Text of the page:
The handwritten messages held aloft at the Ohio Statehouse, like those wielded by crowds that gathered across the U.S. to protest the country’s Supreme Court decision to overturn constitutional rights to abortion, were laced with fury.

“They are coming after your rights next,” warned one. “Keep your rosaries off my ovaries,” implored another. “Stand up fight back,” said another.

The mood was “outrage,” said Cindy Demsey, who chairs the Ohio Democratic Women’s Caucus. “It’s as tense anything I’ve seen, and it’s going to be continual.”

Republicans are pushing back to a “draconian Middle Ages-type situation, that has women subservient again to men,” said David Brock, who chairs the state’s Cuyahoga County Democratic Party. “That’s what their hope is – and what we have to prevent.”

The rallying cry for change has come from the White House itself, with President Joe Biden saying on Friday that “personal freedoms are on the ballot” for midterm elections this fall.


Ohio was once America’s political bellwether, the state whose shifting political preferences tracked and foretold the rise and fall of the left and the right. No longer. Ohio twice voted in large numbers for Donald Trump and has become a firmly held conservative domain.

“Republicans own everything in Ohio,” said Mark Weaver, a political consultant in the state. That includes the Governor’s office, majority positions in the state House of Representatives and the state Senate – and a majority among delegates to federal Congress.

The Supreme Court decision, released Friday, struck down a constitutional right to abortion, leaving the authority to regulate such procedures to individual states. Researchers say 26 states are certain or likely to restrict abortion. Nine have already enacted bans, with seven more likely to follow soon.

Liz Walters, the Chair of the Ohio Democratic Party, tearfully hugs Gubernatorial candidate Nan Whaley in Columbus.Brooke LaValley/The Associated Press

But the states angriest about the Supreme Court Decision “are the blue states” – those with Democrats in power, and abortion rights protected – “and their laws are not changing,” Mr. Weaver said.

In Ohio, meanwhile, the state moved within hours of the Supreme Court decision to activate a 2019 law that bans abortions once a fetal heartbeat is detected, which typically happens at about six weeks of gestational age.

Tighter restrictions are coming.

Earlier this year, Ohio’s state Congress began to consider a bill that would ban nearly all abortions, without exemptions for rape or incest. In an April debate, the bill’s House of Representatives sponsor, Republican Jean Schmidt, called rape “an opportunity for that woman, no matter how young or old she is” to deliver a child.

Supporters now expect that bill, the Human Life Protection Act, to move ahead quickly.


“We will end abortion in 2022 in Ohio. It’s going to happen. And we have the votes.”

Hundreds of people attended a weekend church rally to “thank the Lord and to celebrate,” Mr. Gonidakis said. It was an occasion to mark an end to “over 50 years living in a country and a state that allowed for abortion.” Among the next priorities, he said, is to find some way to act against the purchase of abortion drugs from China, Mexico or Canada.

“We need to sit down in a room, all of us, and figure out: How do we protect ourselves against that?”

Abortion rights protesters gather for a rally in Columbus on June 24.MEGAN JELINGER/Reuters

Opinion polls have found Ohioans divided on abortion, with roughly half saying it should be legal all or most of the time, and a slightly smaller percentage saying it should largely be illegal. Nationally, more than two-thirds of Americans say decisions on abortion should be made by women with their doctors, rather than by government.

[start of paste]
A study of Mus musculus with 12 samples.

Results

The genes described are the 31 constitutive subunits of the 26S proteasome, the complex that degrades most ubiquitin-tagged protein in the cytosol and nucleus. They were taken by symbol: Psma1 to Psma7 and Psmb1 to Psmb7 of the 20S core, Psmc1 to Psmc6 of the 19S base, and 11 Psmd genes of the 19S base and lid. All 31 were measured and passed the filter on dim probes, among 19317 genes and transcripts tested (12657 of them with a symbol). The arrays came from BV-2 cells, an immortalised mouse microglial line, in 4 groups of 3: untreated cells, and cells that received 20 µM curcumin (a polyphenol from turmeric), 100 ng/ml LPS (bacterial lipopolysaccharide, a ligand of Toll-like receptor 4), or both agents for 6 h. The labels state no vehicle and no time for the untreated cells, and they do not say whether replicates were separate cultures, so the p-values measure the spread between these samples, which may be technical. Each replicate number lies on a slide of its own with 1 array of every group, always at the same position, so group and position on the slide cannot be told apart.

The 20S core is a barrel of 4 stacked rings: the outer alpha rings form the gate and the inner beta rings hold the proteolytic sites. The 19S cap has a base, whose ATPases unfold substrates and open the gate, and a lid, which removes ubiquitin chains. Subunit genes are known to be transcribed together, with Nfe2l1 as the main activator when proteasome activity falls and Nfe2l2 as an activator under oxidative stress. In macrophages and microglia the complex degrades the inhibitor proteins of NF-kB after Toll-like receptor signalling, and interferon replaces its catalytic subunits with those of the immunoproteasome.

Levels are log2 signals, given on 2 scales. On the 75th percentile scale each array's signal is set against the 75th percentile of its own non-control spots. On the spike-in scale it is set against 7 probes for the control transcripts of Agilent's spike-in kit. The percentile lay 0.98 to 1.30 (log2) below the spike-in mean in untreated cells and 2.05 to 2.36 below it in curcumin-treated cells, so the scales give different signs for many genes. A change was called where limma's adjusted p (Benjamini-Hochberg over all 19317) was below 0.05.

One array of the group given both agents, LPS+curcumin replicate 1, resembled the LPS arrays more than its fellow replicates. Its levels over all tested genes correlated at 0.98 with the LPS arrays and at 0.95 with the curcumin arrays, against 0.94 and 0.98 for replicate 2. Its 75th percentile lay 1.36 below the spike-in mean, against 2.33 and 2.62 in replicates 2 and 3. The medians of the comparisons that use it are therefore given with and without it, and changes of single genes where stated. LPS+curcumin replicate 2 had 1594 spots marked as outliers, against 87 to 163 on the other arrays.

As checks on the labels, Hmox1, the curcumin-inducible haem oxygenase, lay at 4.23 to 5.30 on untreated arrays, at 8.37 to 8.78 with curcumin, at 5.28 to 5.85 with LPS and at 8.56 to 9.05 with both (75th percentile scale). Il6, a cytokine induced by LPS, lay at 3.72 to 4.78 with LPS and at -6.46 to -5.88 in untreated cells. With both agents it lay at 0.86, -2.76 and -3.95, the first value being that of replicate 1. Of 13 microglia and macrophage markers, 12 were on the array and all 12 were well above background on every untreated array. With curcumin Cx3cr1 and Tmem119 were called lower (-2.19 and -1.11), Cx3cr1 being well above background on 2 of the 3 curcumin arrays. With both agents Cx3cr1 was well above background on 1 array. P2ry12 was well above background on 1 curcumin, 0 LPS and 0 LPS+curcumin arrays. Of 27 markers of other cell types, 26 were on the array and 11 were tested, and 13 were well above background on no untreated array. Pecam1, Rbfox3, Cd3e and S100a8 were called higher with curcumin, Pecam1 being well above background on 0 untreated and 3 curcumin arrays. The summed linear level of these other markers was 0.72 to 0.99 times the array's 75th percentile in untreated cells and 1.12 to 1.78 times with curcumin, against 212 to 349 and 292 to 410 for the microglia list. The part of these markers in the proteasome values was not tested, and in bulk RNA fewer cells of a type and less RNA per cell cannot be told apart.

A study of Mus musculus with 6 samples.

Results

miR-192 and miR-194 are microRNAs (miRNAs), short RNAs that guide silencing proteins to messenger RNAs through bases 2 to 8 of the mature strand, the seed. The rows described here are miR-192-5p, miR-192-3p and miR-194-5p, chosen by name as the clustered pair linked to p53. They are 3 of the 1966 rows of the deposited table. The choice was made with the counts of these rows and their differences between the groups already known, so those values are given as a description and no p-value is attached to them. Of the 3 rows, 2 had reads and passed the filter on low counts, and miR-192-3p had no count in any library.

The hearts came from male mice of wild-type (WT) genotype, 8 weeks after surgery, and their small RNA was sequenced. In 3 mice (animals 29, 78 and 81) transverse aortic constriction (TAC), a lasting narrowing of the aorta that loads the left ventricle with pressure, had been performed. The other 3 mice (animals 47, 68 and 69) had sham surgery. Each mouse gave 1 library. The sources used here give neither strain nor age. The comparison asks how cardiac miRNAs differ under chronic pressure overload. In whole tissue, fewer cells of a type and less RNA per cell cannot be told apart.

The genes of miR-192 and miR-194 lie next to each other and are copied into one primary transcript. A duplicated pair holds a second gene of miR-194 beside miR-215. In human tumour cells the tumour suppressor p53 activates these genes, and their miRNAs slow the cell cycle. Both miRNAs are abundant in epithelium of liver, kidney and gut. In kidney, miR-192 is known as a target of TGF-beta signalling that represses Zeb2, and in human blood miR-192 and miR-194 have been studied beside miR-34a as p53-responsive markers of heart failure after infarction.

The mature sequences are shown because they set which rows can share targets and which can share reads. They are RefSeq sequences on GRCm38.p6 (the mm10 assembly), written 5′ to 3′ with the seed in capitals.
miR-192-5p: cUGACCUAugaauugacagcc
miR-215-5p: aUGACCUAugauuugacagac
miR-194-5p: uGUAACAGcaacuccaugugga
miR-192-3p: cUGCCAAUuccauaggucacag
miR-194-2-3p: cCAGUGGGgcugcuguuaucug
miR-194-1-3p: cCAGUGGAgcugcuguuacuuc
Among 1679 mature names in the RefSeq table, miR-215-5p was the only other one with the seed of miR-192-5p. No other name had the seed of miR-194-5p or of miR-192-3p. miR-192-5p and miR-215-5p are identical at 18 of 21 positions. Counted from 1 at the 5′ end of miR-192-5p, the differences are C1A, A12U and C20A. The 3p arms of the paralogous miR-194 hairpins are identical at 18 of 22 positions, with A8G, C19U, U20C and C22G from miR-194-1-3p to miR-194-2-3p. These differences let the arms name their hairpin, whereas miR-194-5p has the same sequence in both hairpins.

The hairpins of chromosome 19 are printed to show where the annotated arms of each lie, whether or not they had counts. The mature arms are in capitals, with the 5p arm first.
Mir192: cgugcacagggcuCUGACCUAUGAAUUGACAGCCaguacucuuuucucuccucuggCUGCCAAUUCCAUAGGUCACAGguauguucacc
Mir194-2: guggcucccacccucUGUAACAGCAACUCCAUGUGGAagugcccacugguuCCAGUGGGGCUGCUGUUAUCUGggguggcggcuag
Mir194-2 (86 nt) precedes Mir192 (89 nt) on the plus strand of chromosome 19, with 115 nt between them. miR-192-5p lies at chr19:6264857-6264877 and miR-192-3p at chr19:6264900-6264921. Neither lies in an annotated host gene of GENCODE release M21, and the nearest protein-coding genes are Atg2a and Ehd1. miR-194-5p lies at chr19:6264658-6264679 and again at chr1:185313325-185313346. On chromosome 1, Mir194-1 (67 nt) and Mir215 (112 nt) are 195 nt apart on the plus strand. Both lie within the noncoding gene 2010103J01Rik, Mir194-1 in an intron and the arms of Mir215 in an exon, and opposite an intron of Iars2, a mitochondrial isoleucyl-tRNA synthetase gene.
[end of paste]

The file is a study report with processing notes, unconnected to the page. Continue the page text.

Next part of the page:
“The Supreme Court is out of sync with what the American people want,” said Ms. Demsey, the chair of the Ohio Democratic Women’s Caucus. “This decision is going to galvanize us.”

But such nuance is unlikely to emerge in the current political climate.

In Ohio, Republicans have defied court orders against the creation of gerrymandered voting district maps that have, scholars say, given the party a significant electoral advantage.

“Republicans have drawn themselves a great set of maps in Ohio,” and can “effectively do anything they want,” said David Niven, a political scholar at the University of Cincinnati. At the moment, “our state legislature is so dominated by the right that it is more conservative on the whole than South Carolina’s.”

Earlier this month, the state’s House of Representatives passed a bill that would require athletes to undergo a genital inspection if their gender is questioned. “The abortion ban, by contrast, is relatively moderate politics,” said Prof. Niven.

Anti-abortion campaigners gather outside of an abortion clinic in Dayton, Ohio, on June 24.MEGAN JELINGER/Reuters

For Democrats in the U.S., a central question now is whether abortion can begin to erode conservative political support.

Republicans and some political analysts scoff at the idea, saying economic issues such as inflation and gasoline prices will remain top of mind for voters. Besides, Mr. Weaver said, success begets success. “For the longest time, conservative activists laboured in the shadows,” he said. Now, “conservative grassroots people are seeing victories – and that emboldens them to get even more involved.”

But abortion is unlike other issues, Prof. Niven noted. After years of Democrats struggling to campaign on issues that connected directly to voters, abortion is “something you can point to and show people: This is happening in your life, to your family,” he said. He expects the Supreme Court decision to mark the beginning of a broader political shift back toward the left.

“The price of winning now is losing later and Republicans are going to pay the price for winning on this issue in this moment,” he said.